One of the Shetland seafood industry’s main strengths is the close working relationship between its fishermen and scientists which ensures the seas around Shetland are protected and sustainable for future generations.

Direct collaboration between industry stakeholders and UHI Shetland (NAFC Marine Centre) in Scalloway means that applied research projects are initiated to address real issues faced by our coastal communities.

A range of collaborative fishing-related projects has been carried out over the years, including: trialing new equipment, tagging fish to learn more about their movements and growth, surveying the abundance of fish and shellfish, collecting fisheries data, mapping areas important to fishermen, assessing the carbon footprint of fishing, and species specific studies.

In aquaculture, collaborative projects have included seaweed cultivation, sea lice bioassay, the use of cleaner fish, and mussel cultivation.


In 2012 Shetland achieved a world first for its three main inshore shellfish fisheries, achieving full MSC certification for brown crab, velvet crab and dredged king scallops.

MSC certification for brown crab and dredged king scallops remain in place today.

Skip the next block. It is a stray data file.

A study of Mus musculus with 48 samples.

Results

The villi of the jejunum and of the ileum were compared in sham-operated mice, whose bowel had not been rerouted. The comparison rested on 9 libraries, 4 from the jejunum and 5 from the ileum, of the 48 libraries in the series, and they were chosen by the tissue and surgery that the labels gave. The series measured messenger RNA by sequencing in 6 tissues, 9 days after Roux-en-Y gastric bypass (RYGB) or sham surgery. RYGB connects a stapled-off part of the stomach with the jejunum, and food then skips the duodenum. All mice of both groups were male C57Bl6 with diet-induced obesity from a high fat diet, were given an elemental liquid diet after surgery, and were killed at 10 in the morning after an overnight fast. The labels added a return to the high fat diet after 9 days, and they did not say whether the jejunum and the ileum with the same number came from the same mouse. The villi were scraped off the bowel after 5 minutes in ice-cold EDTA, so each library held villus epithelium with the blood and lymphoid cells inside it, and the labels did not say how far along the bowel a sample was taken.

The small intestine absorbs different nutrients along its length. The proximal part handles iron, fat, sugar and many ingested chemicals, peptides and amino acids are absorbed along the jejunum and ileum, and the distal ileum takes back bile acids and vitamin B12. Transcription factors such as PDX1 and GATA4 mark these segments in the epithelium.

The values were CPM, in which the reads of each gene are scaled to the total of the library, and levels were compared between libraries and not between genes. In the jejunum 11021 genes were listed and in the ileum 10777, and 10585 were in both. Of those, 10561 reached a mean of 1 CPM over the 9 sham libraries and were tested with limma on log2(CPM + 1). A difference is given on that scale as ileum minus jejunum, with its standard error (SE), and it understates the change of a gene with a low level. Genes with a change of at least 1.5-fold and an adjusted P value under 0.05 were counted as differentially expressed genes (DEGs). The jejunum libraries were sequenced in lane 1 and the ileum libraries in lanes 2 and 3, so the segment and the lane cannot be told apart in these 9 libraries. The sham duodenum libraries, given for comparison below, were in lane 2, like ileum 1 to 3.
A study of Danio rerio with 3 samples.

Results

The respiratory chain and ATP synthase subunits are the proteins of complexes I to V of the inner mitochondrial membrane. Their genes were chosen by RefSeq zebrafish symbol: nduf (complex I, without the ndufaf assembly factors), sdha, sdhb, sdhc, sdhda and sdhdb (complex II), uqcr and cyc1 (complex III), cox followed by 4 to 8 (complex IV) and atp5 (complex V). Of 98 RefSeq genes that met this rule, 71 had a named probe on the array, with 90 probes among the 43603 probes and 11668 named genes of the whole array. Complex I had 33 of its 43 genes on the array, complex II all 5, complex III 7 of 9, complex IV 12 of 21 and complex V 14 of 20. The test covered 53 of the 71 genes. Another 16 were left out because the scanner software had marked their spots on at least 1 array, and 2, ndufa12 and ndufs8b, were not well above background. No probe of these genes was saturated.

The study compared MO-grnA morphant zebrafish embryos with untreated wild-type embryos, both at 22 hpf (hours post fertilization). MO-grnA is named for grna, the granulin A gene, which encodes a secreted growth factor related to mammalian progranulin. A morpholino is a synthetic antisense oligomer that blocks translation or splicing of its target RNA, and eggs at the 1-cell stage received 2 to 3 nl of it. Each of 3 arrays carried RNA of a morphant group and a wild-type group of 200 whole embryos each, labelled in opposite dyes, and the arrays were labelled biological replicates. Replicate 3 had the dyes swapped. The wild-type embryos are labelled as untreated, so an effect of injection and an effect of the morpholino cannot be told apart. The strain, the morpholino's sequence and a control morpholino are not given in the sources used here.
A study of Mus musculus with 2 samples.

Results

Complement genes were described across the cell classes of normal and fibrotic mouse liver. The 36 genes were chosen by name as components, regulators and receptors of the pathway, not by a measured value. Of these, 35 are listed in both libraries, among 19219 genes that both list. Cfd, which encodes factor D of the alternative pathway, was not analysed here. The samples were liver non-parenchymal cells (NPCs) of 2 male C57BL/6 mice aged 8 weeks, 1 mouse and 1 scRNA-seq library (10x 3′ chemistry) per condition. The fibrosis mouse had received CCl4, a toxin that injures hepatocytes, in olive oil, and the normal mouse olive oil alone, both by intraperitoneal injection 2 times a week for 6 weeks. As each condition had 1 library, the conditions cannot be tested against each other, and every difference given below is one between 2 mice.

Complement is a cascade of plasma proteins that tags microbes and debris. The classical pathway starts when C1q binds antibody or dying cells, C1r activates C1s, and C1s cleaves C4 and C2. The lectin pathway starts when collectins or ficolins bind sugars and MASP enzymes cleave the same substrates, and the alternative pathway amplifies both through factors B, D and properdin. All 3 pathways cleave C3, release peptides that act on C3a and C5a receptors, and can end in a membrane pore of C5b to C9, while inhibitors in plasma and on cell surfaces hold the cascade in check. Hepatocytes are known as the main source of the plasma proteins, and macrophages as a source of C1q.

Close links between fishermen and scientists at UHI Shetland (NAFC Marine Centre) have generated many years of valuable scientific and fisheries data, which is used to manage the fishery, giving the industry the competitive edge when undergoing the MSC assessment process.


Marine Stewardship Council (MSC) is all about setting global standards for sustainable fishing and seafood traceability. Assessed by a team of independent auditors the label demands that:

  • Fishing activity must be a sustainable level
  • Minimised environmental impact
  • Effectively managed fisheries

The MSC label guarantees a link with the specific fishery and is proof that it is from a sustainable, well-managed source.


Leading the way in fisheries management

The Scottish Ministers granted Shetland Shellfish Management Organisation (SSMO) the power to regulate its own inshore fisheries – out to a six mile limit. This means that only our licensed inshore vessels can fish in these waters. SSMO works closely with Shetland UHI (NAFC Marine Centre) to maintain healthy scallop and crab fisheries. This includes examining data, and tracking vessel movements. The SSMO has the power to close areas, when necessary, to ensure that it is never over fished. This regulating order was the first of its kind in Scotland and is considered an exemplary means of marine management.